The obstacles facing the economy in the coming year mount by the day and while the American media tends to elevate the European debt crisis over American inaction, both may have an equal impact in the coming year.
An inability by the super-committee to come to an agreement on three major issues: unemployment benefits extension, medicare and the payroll tax are threatening to hamper economic growth. The three are inexorably tied within the debt deal and the failure to agree on cuts had put them in danger of expiration. The gridlock, in and of itself, has an impact on stocks. Each time the committee misses a deadline U.S. stocks tank, but, if the inaction continues, the effect it will have is more far-reaching than a one day decline.
The payroll tax cut and the extension of unemployment benefits are both set to expire at the end of this year and according to Nouriel Roubini, the Chairman of Roubini Global Economics, this would cause a “fiscal drag of $350 billion,” or 2.3 percent of the GDP in 2012. Even if a conclusion was reached on the deal, Roubini says the fiscal drag would be equal to $200 billion or 1.3 percent of the GDP. Considering the economy expanded at a rate of 2.0 percent last quarter and is anticipated to reach 3.0 percent this quarter, a drag of this size would be the difference between minimal growth and a growth rate of essentially zero. Not only would a growth rate of this level weigh on jobs and further hamper the recovery, it would threaten to crush equities as the notion of a double dip would evaporate investor confidence in the possibility of a recovery.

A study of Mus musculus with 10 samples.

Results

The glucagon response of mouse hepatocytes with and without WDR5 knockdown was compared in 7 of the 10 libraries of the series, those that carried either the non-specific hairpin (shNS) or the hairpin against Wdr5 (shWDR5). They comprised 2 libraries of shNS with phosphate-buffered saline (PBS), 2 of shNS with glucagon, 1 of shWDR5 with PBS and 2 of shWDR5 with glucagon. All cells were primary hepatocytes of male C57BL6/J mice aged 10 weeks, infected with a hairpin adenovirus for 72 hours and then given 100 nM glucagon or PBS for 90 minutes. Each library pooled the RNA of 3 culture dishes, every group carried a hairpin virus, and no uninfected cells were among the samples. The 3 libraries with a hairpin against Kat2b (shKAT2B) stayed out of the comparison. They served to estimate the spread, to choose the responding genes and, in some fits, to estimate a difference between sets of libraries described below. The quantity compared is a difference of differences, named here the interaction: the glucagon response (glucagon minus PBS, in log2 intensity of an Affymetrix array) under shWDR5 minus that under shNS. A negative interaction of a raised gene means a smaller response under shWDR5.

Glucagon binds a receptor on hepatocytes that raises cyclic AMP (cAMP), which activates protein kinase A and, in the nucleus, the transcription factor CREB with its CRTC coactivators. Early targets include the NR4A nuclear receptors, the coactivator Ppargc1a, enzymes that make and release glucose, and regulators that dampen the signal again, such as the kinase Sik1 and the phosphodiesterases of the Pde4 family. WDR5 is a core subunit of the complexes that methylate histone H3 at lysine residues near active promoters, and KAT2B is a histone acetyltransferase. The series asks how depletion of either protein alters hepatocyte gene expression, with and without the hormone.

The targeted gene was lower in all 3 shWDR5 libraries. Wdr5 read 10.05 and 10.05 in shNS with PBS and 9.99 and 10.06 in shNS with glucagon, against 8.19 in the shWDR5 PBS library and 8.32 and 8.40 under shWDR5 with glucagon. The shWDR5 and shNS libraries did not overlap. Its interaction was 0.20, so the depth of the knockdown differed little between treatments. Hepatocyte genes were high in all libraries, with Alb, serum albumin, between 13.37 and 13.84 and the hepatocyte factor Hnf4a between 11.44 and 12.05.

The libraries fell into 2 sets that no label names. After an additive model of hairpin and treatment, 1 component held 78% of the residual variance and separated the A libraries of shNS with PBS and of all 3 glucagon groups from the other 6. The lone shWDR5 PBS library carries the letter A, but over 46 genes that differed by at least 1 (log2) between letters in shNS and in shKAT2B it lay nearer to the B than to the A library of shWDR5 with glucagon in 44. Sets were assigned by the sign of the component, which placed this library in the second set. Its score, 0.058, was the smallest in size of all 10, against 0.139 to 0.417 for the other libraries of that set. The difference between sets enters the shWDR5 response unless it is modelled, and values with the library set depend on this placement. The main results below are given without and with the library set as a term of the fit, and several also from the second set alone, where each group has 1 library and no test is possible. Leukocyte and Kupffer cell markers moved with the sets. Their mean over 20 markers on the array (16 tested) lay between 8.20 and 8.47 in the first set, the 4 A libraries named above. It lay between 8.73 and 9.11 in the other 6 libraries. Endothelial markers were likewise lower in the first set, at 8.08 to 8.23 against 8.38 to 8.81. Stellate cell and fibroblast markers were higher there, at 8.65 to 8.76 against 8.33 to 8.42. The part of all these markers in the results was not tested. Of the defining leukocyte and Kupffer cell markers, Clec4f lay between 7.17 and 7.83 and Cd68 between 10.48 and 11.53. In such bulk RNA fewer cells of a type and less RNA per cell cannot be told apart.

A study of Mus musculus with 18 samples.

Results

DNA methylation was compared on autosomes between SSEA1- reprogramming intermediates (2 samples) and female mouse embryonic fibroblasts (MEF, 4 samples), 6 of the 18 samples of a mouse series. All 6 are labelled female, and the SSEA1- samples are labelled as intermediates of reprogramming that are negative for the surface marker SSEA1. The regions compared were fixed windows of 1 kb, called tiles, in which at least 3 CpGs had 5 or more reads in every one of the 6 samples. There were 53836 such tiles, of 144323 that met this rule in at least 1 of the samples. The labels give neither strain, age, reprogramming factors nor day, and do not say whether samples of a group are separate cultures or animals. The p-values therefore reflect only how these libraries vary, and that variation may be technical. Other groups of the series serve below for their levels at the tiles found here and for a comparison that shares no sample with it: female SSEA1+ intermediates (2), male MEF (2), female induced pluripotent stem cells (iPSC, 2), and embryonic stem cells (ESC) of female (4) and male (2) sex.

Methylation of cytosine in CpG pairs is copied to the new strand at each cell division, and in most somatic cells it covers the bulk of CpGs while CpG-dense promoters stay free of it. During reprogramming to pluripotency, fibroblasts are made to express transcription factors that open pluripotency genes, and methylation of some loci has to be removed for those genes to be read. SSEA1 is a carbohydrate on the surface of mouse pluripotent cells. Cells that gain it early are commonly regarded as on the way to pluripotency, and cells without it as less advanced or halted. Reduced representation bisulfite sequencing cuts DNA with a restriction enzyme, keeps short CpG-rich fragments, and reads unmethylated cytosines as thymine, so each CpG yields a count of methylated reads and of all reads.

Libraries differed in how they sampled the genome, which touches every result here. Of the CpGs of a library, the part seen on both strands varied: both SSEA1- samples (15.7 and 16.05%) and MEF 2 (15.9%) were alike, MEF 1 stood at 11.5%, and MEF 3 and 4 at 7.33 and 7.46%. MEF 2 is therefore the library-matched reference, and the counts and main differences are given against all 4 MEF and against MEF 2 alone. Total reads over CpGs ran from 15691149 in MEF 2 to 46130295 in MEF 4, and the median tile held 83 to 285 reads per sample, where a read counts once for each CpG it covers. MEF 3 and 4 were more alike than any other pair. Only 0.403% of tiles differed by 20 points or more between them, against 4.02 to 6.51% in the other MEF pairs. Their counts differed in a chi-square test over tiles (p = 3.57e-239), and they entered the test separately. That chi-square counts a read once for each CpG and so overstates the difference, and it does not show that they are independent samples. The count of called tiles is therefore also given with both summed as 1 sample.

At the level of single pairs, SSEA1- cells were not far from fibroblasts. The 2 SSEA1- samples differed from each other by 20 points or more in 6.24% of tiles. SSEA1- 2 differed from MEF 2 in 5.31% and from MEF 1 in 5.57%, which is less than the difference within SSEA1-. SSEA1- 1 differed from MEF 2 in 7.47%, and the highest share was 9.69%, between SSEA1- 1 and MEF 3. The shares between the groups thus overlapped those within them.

To delve into what the situation is exactly, the payroll tax refers to the amount paid toward Social Security. Last year, amid a plodding recovery, President Obama consented to an extention of a reduction in the payroll tax, to maintain it at 4.2 percent rather than the 6.2 percent traditionally applied. If the payroll tax extension is not agreed upon, that would be an additional $180 billion being paid out in taxes, according to Yahoo. That $180 billion could otherwise be used on consumer spending which would help improve the rate of economic growth as well as consumers' attitudes regarding the state of the economy and their investments in the market.
The extension of the unemployment benefits has a similar impact. Almost all money paid out through unemployment benefits goes back into the economy, as the checks are often spent quickly on necessities. Should those people suddenly have no money and continue to have no jobs, that spending would stop and eat away at the economic growth rate. There's a natural argument for those who strongly believe that paying out benefits adds to the government's high debt. However, economists expect an abrupt end to some of these support programs to reflect negatively on the economic growth rate as people depending on their benefits would not have the means to make purchases.
To put in the words of Gary Burtless, a senior fellow in economic studies at Brookings Institution who spoke to Yahoo,"It increases the headwinds for this economic expansion… It makes it much much harder for a weak economy to expand at all."